A new client might take $500 – $5,000 worth of money and a lot of time to win them as a client for the first time. That might seem like a lot of money until you factor how long the client might pay you per year and how long they stay with you for.

If a client pays you $7,500 per year and you keep them for 5 years, then they’re worth approximately $50,000. If the gross profit was 70% ($35,000) and it cost you $3,500 to win them then that’s a 1,000% return on your money. Pretty good in anyone’s language.

What if you could keep them for 20 years and a lifetime value (LTV) of $140,000. Even better you say. If you’re focused on a 20-year LTV, then your retention is 95% per year. You only lose 5 out of every 100 clients every year.

To retain 95% of your clients per year takes some work. It just doesn’t happen without doing anything. I’d like to think that to retain a very high number of clients takes PSV…

  • Product(s) – a broad range of amazing products / services that the client uses often
  • Service – an amazing proactive culture of client service
  • Value – your product creates demonstrable value for the client

Having a great product is not enough. You can have a great product, great service yet the product doesn’t really do anything for the client. You won’t keep them. You might have amazing service and your product does produce value however using the product is difficult, cumbersome and just hard to use. You won’t keep them. Your product might be super easy to use, it produces results however the service is reactive, cold and difficult. You won’t keep them.

You need all 3 working in sync with each other. The more you have them working together the ‘stickier’ the solution and the more you’ll retain. However, it’s not just about retention.

It’s about referrals and ‘upsell’ as well. If your clients are thrilled with what you do for them then they’ll buy the next thing and they’ll refer new people to you.

Your product might be software, financial advice, education, professional services, hardware or consumer goods. In this day and age there is no excuse for inferior products. I don’t want to focus on product. You can sort out your product and what it does.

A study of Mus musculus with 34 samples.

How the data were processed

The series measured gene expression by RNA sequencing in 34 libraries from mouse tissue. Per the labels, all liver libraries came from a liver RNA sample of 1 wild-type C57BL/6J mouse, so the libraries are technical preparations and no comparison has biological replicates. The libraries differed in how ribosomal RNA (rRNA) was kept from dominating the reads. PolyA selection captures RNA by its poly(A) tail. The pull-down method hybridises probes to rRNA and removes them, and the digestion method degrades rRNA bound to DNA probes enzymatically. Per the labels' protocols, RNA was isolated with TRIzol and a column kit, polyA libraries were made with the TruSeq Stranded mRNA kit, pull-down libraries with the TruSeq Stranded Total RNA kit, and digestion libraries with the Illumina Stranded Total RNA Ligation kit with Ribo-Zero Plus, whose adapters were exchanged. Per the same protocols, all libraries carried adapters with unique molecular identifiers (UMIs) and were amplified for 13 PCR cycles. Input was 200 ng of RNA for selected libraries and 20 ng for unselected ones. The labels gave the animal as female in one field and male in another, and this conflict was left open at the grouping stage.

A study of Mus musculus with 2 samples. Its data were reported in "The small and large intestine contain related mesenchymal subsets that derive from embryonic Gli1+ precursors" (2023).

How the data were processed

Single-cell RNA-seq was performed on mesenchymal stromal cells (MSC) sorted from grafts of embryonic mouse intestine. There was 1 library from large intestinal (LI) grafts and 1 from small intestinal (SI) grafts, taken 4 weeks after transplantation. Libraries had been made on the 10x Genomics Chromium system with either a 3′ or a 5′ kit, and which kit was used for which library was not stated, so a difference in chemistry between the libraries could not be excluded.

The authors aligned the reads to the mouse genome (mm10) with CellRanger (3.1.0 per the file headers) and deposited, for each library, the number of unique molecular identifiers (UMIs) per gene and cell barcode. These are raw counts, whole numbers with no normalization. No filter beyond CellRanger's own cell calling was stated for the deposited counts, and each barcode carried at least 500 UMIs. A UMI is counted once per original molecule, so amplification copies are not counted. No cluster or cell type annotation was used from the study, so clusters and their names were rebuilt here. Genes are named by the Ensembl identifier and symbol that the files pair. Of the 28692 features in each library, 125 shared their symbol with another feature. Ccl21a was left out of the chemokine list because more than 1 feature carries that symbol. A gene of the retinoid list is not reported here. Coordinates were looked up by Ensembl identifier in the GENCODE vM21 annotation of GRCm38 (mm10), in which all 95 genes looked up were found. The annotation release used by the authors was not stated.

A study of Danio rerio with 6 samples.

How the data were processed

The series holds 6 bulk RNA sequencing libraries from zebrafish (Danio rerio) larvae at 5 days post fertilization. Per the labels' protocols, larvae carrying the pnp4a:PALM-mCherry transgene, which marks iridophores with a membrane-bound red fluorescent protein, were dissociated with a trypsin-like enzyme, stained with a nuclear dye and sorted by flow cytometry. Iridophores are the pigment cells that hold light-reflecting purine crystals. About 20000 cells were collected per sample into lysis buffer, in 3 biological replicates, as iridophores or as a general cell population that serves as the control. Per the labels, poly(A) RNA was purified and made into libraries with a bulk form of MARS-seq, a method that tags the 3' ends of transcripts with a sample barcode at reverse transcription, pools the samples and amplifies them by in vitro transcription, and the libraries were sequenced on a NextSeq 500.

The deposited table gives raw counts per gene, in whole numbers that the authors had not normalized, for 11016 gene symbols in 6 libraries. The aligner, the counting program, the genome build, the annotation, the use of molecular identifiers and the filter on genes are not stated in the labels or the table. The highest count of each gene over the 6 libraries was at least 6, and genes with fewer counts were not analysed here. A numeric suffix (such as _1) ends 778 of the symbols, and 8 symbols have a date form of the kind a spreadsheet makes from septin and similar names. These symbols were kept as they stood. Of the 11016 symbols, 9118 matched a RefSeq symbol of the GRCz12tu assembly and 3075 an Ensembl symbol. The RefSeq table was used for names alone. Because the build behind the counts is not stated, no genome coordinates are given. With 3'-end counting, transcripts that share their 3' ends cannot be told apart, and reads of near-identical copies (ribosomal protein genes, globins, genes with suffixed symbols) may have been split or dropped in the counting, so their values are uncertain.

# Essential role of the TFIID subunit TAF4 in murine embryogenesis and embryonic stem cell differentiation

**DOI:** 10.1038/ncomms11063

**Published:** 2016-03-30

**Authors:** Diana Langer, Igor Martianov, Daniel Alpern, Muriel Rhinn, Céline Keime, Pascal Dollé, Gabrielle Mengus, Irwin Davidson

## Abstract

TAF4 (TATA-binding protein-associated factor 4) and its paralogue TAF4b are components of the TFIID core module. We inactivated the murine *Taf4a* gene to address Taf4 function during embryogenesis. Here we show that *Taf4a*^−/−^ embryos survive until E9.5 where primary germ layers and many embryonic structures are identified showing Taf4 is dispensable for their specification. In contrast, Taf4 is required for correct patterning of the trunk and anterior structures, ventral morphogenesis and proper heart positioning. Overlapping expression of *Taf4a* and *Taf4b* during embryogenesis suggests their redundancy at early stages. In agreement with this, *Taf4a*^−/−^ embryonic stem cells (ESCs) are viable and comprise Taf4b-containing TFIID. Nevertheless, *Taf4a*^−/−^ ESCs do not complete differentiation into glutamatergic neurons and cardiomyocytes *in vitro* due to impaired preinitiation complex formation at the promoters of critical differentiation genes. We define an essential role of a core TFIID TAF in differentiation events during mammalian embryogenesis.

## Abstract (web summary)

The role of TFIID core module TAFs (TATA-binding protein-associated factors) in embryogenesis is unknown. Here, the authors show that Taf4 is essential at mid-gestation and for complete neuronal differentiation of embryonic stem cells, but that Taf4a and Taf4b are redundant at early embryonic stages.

What I’d like to focus on is proactive service. It’s generic and can apply to any industry.

This is a list of activities that can be applied to all clients you want to keep.

  1. Returning phone calls / texts & emails same day – within hours
  2. Receiving a gift when signing up for the first time
  3. On-boarding / implementation within 24 hours of signing
  4. Training everyone who might be a direct user – continually training until they get it
  5. Booking telephone appointments and respecting each other’s time
  6. Systematically calling (pre-booked call is best) every 3-4 months
  7. Visiting with no agenda (other than catch up and see how they’re going) 1-2 times per year
  8. Sending birthday / anniversary cards
  9. Sending success tips, news, articles, videos and ‘how to’ content
  10. Constant messaging of new features and benefits added to the product
  11. Have multiple people known to the client who work with the client
  12. Inviting to seminars, conferences and user group sessions
  13. Creating a community so they can interact with other clients
  14. Collating financial data and creating an annual ‘benchmark’ report as to how they compare to others
  15. Performing an annual performance review on the client.

This list has a lot of time to it but very little cost. Ultimately you want to ‘get to know’ your client, get them to like you and get them to trust you. In other words, you want to build a relationship with them.

Many people say they have ‘great relationships’ with their clients. Building relationships take time and effort. You don’t build very good relationships by seeing (or speaking with) a client once or twice a year.

Imagine if you only saw or spoke to your life partner once or twice a year. What would the relationship be like? Some would say better!

When you invest the time you build the relationship, you get higher retention, more referrals and they might just buy the next thing you want to sell.

To get the payoff you have to invest the time. It won’t happen reactively.